Thai court bans use of force against peaceful protests
A Thai court ordered the government Wednesday not to use force against peaceful protests, as demonstrators vowed to intensify efforts to unseat the premier a day after street clashes left five dead and dozens wounded.
The opposition movement has staged more than three months of mass street rallies demanding Prime Minister Yingluck Shinawatra's resignation, besieging major state buildings.
The backdrop to the unrest is a nearly decade-long political rift between opponents and supporters of Yingluck's brother, fugitive former premier Thaksin Shinawatra, that has unleashed a series of rival street protests.
This week's spike in violence has punctured hopes of an easing of a months-long political standoff in which 16 people have been killed on both sides and hundreds injured in gunfire and grenade blasts.
Several thousand protesters Wednesday surrounded Yingluck's crisis headquarters in a Bangkok suburb where she has held meetings in recent weeks.
But the premier was not believed to be inside at the time and the demonstrators later retreated after officials at the defence ministry complex agreed to hold talks with protest leader Suthep Thaugsuban.
The firebrand senior opposition figure leading the rallies called for a renewed push targeting Yingluck, even suggesting she might be driven out of the country.
"We will hound her all day long until she cannot live here," Suthep told a cheering crowd. "Retaliation against Yingluck must intensify."
The ruling by the Civil Court restricting the use of force could complicate Yingluck's handling of the rallies, although her government had already pledged to avoid using violence against the demonstrators.
On Tuesday serious clashes broke out after riot police tried to clear rally sites in the capital's historic district.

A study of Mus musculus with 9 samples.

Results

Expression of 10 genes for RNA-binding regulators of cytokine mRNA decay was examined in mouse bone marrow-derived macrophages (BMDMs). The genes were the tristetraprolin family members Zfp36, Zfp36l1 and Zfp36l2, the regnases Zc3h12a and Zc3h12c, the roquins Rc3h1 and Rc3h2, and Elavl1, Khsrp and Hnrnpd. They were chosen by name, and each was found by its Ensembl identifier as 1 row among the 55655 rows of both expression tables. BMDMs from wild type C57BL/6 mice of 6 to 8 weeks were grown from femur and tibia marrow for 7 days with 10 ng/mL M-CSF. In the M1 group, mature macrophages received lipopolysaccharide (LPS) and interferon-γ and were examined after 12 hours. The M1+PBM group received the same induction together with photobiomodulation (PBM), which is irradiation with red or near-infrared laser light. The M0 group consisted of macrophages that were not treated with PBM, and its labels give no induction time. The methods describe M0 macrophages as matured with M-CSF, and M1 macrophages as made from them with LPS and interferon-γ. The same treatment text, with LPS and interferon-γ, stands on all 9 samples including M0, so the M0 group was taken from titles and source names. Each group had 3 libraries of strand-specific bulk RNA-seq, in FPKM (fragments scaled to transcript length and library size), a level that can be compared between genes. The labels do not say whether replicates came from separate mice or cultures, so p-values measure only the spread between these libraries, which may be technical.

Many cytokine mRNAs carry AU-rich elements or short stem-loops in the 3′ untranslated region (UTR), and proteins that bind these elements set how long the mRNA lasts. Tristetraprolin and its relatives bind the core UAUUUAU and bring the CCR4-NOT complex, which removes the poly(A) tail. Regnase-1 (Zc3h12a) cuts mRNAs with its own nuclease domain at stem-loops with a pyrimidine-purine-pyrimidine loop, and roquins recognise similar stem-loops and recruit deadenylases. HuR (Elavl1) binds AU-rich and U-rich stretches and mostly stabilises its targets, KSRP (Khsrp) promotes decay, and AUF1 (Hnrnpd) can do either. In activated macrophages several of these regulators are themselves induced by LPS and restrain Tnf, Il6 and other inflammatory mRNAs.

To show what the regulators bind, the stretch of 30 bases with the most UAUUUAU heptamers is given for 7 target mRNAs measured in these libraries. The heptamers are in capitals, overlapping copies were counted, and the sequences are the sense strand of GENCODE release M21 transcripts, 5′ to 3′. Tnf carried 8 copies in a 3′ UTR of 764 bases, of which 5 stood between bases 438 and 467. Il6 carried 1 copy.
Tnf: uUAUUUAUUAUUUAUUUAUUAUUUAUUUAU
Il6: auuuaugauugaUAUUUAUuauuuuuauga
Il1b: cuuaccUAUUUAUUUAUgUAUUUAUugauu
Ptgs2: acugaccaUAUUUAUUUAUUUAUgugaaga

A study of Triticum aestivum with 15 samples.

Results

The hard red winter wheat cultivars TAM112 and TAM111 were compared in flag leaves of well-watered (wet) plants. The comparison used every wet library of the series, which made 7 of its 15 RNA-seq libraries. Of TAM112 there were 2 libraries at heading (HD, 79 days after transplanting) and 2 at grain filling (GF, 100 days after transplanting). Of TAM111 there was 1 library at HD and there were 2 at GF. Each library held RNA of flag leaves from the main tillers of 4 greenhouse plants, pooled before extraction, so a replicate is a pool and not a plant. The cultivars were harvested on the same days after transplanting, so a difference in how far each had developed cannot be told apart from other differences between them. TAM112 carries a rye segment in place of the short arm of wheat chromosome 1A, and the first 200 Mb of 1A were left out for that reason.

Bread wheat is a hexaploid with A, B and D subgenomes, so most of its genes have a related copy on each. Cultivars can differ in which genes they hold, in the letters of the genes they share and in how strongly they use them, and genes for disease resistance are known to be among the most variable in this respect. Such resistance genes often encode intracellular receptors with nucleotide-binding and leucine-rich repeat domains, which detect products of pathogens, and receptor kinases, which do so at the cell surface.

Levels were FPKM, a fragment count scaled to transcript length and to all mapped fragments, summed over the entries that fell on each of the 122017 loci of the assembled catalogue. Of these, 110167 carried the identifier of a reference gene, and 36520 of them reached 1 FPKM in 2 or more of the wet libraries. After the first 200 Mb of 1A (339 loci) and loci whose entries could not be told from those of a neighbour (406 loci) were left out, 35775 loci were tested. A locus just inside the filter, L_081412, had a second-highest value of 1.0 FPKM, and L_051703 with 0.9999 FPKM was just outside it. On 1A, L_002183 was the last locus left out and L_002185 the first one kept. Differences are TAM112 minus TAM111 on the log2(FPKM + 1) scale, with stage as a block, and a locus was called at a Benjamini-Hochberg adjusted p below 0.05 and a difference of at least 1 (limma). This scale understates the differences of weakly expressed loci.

Chaotic scenes ensued as explosions and gunfire shook an area of the city near the Golden Mount temple and other tourist attractions.
A policeman was shot dead and four civilians were killed, while more than 60 were injured. Police said 24 officers were among those hurt.
The protesters have accused the security forces of responsibility for the deaths but the authorities insist they only used rubber bullets. They blamed the killings on armed instigators.
Dramatic television footage showed one policeman desperately trying to kick away a grenade thrown towards a group of police hiding behind shields, just moments before it exploded and badly injured his foot.
- Demands for reform -
The protesters are demanding Yingluck quit to allow an unelected prime minister to take office to introduce vaguely-defined reforms such as an end to corruption and alleged misuse of public funds to buy political influence.
In a new twist, the National Anti-Corruption Commission said Tuesday it was pressing charges against Yingluck for neglect of duty in connection with a controversial rice subsidy scheme. If found guilty she could be removed from office.
More than seven years after royalist generals ousted Yingluck's brother Thaksin in a bloodless coup, the kingdom appears more politically divided than ever.
The billionaire tycoon-turned-politician fled overseas in 2008 to avoid jail for a corruption conviction, but his critics accuse him of pulling the strings of power from self-exile.
Pro-Thaksin parties have won every election for more than a decade, and Yingluck is counting on her family's traditionally strong support in the northern half of the kingdom to return her to power after a general election was held on February 2.
The opposition boycotted the polls and the results are not expected to be known until elections are held in constituencies where voting was disrupted by protesters.
The Election Commission said Wednesday that it would bring forward voting -- previously scheduled for April -- in these constituencies. Elections will now be held in five of the affected provinces on March 2.